CM Show 2020: Webfleet Solutions and Bridgestone eye future fleet innovation

cm show

Webfleet Solutions and Bridgestone are looking forward to an ‘incredible opportunity’ to bring their latest products and connected mobility solutions to life at the virtual Commercial Motor Show this autumn.

Both companies are working together to demonstrate how advanced technologies can help truck and van operators drive efficiencies, realise cost-savings, reduce their carbon footprint and raise the bar in service delivery.

The Commercial Motor Show is a virtual exhibition and conference running from 29 September to 1 October.

Visitors to the road transport industry event will see the latest vehicles, products and services offered by exhibitors online, as well as get the chance to listen to webinars, and take part in live exhibitor chats, video calls and product demonstrations.

Beverley Wise, sales director UK, Webfleet Solutions, said: "This is an incredible opportunity for fleet operators to discover more about how mobility solutions can help shape the future of their operations and drive cost efficiencies as they navigate the post-pandemic landscape.

“At the online Commercial Motor Show, we look forward to demonstrating how the synergies between our two brands can set truck and van operators on the right track to achieving their company-wide objectives, whilst delivering outstanding service and results.”

Bridgestone’s commercial sales director Greg Ward added: “We are continuing on our transformation journey from tyre producer to mobility solutions leader with Webfleet Solutions.

“With demand for fleet-based mobility growing year-on-year, fleet managers need more than ever before a reliable and innovative partner to help them maximise their effectiveness and efficiency through increased productivity and minimised total cost of ownership.

“Now, together, Bridgestone and Webfleet Solutions have the tools, insights and experience to fulfil those demands. We look forward to bringing this message to life.”

At the Commercial Motor Show, Webfleet Solutions will demonstrate how business processes can be streamlined with seamlessly connected, end-to-end systems, including integrations with applications ranging from transport management systems and on-board cameras, to mileage, route optimisation and HGV specific navigation.

Visitors can also learn about the latest enhanced Webfleet features for the transport sector, including Asset Tracking, which gives companies visibility over the position and usage of their powered assets, and TachoShare, a remote download and archiving module that enables users to share data directly with their analysis software.

Meanwhile, Bridgestone will talk about the latest additions to its tyre ranges, including the Ecopia H002, engineered to improve companies’ fuel economy and reduce CO2 emissions, the ultra-durable Duravis R002, designed to help fleets lower their operational costs by reducing cost per kilometre, and the COACH-AP 001, a cost-efficient option developed specifically for coach fleet managers.

  • The Commercial Motor Show 2020 is a brand-new, three-day virtual event combing an informative seminar programme with an interactive exhibition hall. Register now for your free ticket!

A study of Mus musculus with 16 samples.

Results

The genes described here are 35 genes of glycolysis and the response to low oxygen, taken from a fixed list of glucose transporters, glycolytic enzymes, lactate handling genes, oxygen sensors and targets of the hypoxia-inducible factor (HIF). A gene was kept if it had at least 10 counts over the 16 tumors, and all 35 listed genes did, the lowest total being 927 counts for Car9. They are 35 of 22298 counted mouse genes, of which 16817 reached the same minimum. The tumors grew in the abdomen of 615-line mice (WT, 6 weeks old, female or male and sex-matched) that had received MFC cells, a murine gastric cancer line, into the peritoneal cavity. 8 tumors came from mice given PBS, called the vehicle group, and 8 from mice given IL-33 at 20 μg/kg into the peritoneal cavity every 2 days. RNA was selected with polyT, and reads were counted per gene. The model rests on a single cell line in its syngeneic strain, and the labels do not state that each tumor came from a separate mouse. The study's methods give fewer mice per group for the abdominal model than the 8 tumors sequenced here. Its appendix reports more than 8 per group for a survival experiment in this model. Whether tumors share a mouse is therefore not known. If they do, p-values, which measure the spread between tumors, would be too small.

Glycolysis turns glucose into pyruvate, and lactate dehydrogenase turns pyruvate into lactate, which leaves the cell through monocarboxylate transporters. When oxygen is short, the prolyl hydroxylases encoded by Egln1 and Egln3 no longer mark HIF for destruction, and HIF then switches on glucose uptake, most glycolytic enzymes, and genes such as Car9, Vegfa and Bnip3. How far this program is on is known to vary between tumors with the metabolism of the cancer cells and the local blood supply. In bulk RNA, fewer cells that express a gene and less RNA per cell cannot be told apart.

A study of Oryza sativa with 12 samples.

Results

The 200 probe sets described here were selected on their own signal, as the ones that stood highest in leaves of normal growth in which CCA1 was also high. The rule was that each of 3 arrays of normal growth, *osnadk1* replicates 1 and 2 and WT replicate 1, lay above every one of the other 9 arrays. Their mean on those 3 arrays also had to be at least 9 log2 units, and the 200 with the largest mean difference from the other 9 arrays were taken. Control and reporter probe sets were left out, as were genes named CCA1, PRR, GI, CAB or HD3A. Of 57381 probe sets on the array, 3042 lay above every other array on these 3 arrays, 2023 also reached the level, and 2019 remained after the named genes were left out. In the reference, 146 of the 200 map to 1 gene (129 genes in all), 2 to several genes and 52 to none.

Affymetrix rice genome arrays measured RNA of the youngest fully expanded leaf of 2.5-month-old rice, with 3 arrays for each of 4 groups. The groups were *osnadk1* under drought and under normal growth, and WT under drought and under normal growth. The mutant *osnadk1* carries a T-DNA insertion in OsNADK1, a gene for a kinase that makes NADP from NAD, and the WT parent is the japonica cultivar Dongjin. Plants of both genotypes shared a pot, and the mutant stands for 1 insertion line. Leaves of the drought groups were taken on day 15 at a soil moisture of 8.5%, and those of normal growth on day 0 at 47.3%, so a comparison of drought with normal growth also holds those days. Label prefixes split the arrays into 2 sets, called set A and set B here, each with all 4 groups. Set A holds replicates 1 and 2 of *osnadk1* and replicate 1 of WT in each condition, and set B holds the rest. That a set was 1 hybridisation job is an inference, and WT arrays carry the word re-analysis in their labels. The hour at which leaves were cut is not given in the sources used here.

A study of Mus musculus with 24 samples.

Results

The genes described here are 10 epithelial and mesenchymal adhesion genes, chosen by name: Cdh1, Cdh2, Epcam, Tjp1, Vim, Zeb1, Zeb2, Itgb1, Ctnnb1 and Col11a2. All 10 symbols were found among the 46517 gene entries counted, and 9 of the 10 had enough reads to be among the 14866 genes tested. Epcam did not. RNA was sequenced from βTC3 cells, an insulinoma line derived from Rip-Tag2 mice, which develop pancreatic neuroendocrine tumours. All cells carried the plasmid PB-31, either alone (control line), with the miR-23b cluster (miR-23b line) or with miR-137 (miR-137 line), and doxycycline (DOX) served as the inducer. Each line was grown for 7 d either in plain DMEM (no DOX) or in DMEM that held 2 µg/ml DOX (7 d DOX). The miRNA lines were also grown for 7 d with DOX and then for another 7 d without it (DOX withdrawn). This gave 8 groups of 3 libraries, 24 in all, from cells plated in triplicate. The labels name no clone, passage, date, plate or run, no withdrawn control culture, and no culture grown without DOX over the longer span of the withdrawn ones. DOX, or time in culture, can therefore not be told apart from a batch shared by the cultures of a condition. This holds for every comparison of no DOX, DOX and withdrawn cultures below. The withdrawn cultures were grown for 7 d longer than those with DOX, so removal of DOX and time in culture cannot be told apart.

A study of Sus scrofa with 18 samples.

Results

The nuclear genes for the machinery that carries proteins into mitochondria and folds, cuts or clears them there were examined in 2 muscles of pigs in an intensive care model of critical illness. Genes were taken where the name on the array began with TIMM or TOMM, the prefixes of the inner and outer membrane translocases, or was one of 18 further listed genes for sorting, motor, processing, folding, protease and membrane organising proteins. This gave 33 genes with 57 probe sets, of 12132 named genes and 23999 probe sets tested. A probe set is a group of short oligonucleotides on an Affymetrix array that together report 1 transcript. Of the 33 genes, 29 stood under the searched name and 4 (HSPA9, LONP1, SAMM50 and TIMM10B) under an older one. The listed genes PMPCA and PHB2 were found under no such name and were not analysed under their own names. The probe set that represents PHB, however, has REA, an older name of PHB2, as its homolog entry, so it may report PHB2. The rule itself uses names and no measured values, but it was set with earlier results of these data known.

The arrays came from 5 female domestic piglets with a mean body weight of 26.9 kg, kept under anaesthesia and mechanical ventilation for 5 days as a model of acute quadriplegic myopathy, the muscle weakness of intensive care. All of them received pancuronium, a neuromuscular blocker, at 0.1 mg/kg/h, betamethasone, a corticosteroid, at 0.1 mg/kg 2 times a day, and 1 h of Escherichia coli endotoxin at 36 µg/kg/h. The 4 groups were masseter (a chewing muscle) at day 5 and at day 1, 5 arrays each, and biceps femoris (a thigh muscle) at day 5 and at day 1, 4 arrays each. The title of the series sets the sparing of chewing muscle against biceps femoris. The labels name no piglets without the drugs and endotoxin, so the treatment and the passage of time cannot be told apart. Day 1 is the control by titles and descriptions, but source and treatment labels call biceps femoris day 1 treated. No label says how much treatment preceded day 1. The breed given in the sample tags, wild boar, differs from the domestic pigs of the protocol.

Misspelt name scuppers licence application

Hendry Aberdeen O-licence application denied

A traffic commissioner (TC) has criticised an operator who allowed a transport manager to use his name when creating a login identity for the online licensing service, describing it as “wholly unacceptable”.

Western traffic area TC Kevin Rooney said Mark Hodson, director of Wrexham-based Ready2Go Movers, broke the terms and conditions of the use of online services even before the firm’s licence application was submitted, and refused the application.

A caseworker noticed that Ready2Go’s application in the name of Mark Hudson might be for Mark Hodson, who had previously held an operator licence and had appeared at a public inquiry (PI) – contrary to the statement made on the new application.

Due to the failure to declare his licensing history and an apparent attempt to deceive arising from his misspelt name, the TC called the operator to a virtual PI.

The nominated transport manager, Ann Holloway, told the TC that she had applied for the Vehicle Operator Licensing login credentials in Hodson’s name and that she subsequently misspelled his name. Holloway said she was unaware of his licensing history.

Hodson confirmed that he had allowed his transport manager to create the login identity using his credentials and that he routinely did that within his business, for example allowing others to use his online banking identity.

He added that he didn’t think his previous licence history was relevant because he was not acting as a transport manager on the new licence.

Their solicitor said there had been no intention to mislead. But in written confirmation of his decision, TC Rooney said operator licensing was based on trust: “That starts with knowing who I am communicating with,” he said.

“The use of another party’s login credentials is wholly unacceptable. The applicant broke the terms and conditions even before the application was submitted. It went on to give untrue answers.

“There is no basis here for trust and the applicant has not demonstrated that it is not unfit to hold a licence.”

However, the TC added: “Should a new application be made and be complete, I am content to grant interim authority immediately without the need for referral to me.”